Effects of Cocaine on Your Mental Health
Any substance that affects the brain has an effect on mental health. In this cocaine is no different from many other recreational drugs. According to the National Institute on Drug Abuse, cocaine addiction is a mental disorder. It changes the brain and disrupts normal brain patterns. In order to understand why people are addicted to cocaine and the mental issues an addict can suffer from it, is important to understand how cocaine effects the brain, what the long and short term effects are, and the conditions associated and caused by cocaine use.
How cocaine effects the brain
Cocaine has a profound effect on the brain. When someone injects, snorts, or smokes cocaine, it causes the dopamine receptors to become excited. The National Institute on Drug Abuse says that cocaine stops dopamine from exiting the synaptic space between two neurons. This amps up the normal functioning of dopamine and cause the communication in the brain to be disrupted. This increase in dopamine activity is what causes a person to become high off the drug.
Cocaine also changes the reward system or pleasure center of the brain after long term use. This causes a person to need more and more of the drug in order to get the same high. This is when the most psychological damage occurs.
Short term effects on mental health
While the drug is actively in your system, it affects your mental health. Although most of these effects are temporary, there are some that may become permanent. The short term negative mental effects of cocaine are:
- erratic, and
- violent behavior.
All of these are psychological side effects that appear while someone is using cocaine or one of its derivatives. These short term effects when experienced repeatedly turn into long term effects.
Long term effects on mental health
According to a study done in World Psychiatry on the relationship between cocaine use and mental health problems, one of the most profound effects of cocaine use happens after a person stops taking the drug. The medical term for this effect is anhedonia. Anhedoina is the inability to feel pleasure. This means that anything that was pleasurable previous before starting cocaine is no longer pleasurable. Cocaine floods the dopamine receptors in the brain. This flood eventually causes these centers to stop functioning properly without massive amounts of dopamine. The anhedoina itself is not treatable and is linked to other issues including depression, psychosis and anxiety. Fortunately, the dopamine receptors eventually return to normal but may leave behind other mental illnesses.
Other long term mental and psychological effects of cocaine use are:
- difficulty concentrating,
- cravings for the drug,
- anxiety, and
- a general feeling of mental exhaustion.
It is important to remember that no all cocaine users suffer from these effects when in cocaine withdrawal. Many studies including the one in World Psychiatry say that both long term and permanent mental health problems depend on the intensity and frequency of cocaine use rather than the drug itself.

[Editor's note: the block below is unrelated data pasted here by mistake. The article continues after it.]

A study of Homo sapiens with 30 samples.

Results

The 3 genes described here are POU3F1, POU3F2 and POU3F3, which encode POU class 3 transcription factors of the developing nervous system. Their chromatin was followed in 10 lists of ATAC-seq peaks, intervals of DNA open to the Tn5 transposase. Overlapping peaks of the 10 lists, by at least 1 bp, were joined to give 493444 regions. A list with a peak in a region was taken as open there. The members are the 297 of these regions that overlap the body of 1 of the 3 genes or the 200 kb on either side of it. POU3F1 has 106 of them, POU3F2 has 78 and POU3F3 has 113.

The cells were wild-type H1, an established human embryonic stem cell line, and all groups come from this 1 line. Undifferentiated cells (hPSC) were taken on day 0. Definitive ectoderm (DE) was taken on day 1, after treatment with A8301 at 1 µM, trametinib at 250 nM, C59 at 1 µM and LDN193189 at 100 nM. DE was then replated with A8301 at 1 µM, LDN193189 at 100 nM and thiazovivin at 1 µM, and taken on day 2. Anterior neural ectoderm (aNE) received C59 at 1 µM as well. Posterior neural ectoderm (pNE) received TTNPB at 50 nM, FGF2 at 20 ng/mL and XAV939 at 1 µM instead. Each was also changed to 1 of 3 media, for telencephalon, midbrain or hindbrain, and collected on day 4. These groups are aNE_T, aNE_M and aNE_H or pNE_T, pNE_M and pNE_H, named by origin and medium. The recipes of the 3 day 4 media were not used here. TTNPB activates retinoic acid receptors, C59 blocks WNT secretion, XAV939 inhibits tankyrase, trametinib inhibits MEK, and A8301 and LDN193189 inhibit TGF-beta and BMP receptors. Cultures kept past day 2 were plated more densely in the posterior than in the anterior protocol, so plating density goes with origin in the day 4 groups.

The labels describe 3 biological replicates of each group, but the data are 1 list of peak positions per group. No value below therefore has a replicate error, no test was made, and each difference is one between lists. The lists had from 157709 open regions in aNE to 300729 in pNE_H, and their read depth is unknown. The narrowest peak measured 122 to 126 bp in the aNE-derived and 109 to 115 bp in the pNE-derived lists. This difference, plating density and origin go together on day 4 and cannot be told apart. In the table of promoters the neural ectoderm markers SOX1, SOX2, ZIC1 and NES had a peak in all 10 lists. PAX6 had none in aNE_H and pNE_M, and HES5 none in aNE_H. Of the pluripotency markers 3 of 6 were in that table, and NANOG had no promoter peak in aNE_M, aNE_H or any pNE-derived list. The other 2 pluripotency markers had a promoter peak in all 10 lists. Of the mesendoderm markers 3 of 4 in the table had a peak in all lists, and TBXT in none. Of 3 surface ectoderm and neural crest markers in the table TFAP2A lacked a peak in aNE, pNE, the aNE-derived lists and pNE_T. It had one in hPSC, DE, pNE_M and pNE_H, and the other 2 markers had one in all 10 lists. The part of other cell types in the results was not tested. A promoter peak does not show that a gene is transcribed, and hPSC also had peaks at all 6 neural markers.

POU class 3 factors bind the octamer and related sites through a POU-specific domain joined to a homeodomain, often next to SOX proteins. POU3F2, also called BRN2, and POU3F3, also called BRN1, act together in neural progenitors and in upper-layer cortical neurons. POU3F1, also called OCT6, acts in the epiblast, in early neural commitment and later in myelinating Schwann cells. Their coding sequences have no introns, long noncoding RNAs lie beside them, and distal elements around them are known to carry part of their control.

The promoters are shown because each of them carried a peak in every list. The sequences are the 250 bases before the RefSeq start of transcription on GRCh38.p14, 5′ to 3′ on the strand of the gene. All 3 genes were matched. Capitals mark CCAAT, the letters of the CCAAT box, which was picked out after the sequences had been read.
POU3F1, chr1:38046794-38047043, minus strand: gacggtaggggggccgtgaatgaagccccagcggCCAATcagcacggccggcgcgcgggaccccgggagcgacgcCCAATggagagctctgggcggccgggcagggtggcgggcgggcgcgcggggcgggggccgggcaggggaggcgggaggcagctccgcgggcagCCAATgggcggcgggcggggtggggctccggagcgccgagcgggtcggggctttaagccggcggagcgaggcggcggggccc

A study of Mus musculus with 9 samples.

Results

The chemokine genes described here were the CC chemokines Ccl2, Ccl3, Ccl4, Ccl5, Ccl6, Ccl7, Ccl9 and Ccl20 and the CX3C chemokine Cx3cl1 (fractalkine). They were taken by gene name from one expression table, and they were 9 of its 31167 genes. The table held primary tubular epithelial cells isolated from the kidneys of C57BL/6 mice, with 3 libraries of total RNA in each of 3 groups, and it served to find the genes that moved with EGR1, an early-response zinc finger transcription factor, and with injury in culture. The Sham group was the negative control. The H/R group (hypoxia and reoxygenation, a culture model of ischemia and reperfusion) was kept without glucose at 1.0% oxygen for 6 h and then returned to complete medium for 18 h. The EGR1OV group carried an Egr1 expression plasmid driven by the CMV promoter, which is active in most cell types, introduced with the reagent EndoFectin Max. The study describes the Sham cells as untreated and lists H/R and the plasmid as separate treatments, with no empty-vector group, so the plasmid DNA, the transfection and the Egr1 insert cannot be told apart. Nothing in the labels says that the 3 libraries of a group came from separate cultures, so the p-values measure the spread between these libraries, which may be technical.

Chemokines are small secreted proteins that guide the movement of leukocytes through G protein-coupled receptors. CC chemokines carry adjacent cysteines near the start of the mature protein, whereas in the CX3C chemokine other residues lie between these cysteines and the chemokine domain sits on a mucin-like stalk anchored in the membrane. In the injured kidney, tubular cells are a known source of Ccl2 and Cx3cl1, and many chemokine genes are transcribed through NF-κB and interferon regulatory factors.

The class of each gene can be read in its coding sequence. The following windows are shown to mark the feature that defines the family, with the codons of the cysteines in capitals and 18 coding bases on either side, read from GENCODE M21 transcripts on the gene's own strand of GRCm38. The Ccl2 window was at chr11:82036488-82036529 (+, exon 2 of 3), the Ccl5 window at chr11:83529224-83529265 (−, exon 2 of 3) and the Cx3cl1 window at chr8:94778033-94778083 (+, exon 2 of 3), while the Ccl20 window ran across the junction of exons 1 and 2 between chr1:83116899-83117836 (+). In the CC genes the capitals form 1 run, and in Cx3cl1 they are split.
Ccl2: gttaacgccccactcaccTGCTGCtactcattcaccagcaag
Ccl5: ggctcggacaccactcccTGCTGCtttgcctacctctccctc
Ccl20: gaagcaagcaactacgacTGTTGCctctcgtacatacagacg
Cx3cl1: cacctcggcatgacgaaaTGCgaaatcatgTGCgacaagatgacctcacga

Psychological conditions associated with cocaine use
Some doctors and scientists suggest that psychological and mental health issues are present before cocaine use and cocaine use is a form of self-medicating. Some of these disorders include:
- chronic fatigue syndrome,
- bi-polar disorder, and
- post traumatic stress disorder.
Some addicts may be using cocaine to compensate for these mental health issues. Since there is not much information on a perfectly healthy individual using cocaine it is not known whether the cocaine caused many of these problems or if the mental health issue caused the addict to use cocaine. Cocaine and crack cocaine are known to make certain disorders worse. People with schizophrenia and bi-polar disorder often experience more intense symptoms after using cocaine.
Psychological conditions caused by cocaine
It is impossible to separate other factors from cocaine use completely. The other factors are age, mental status at the time of first use, income, family health, health history, and the presence of other medical and nonmedical stressors. There is a higher prevalence of certain mental disorders in those studied that use cocaine. Although it cannot be said that cocaine is the only cause for these disorders, it can be said that it is a factor in their presence. The psychological issues commonly thought to be associated with the use of powdered cocaine and crack cocaine are:
- violent outbursts,
- periods of intense irritability,
- PTSD, and
- chronic depression.
Doctors and scientists generally agree that powdered and crack cocaine along with other factors sometimes cause serious mental issues. One of the most serious mental health factors associated with cocaine abuse is the risk of suicide. This is a risk while using the drug, during withdrawal, and after being off the drug.
Everything people experience affects their mental health in some way. Using cocaine exacerbates this impact. If a stressor or mental disorder exists before a person starts using cocaine, the cocaine will make the stressor or mental disorder worse. When using cocaine you are at a higher risk for developing a mental health issue, these issues are sometimes permanent and can only be treated with drugs and psychotherapy. You are also at a higher risk for committing suicide or having suicidal thoughts and ideation. The effects of cocaine on your mental health are always negative and almost always need some form of treatment.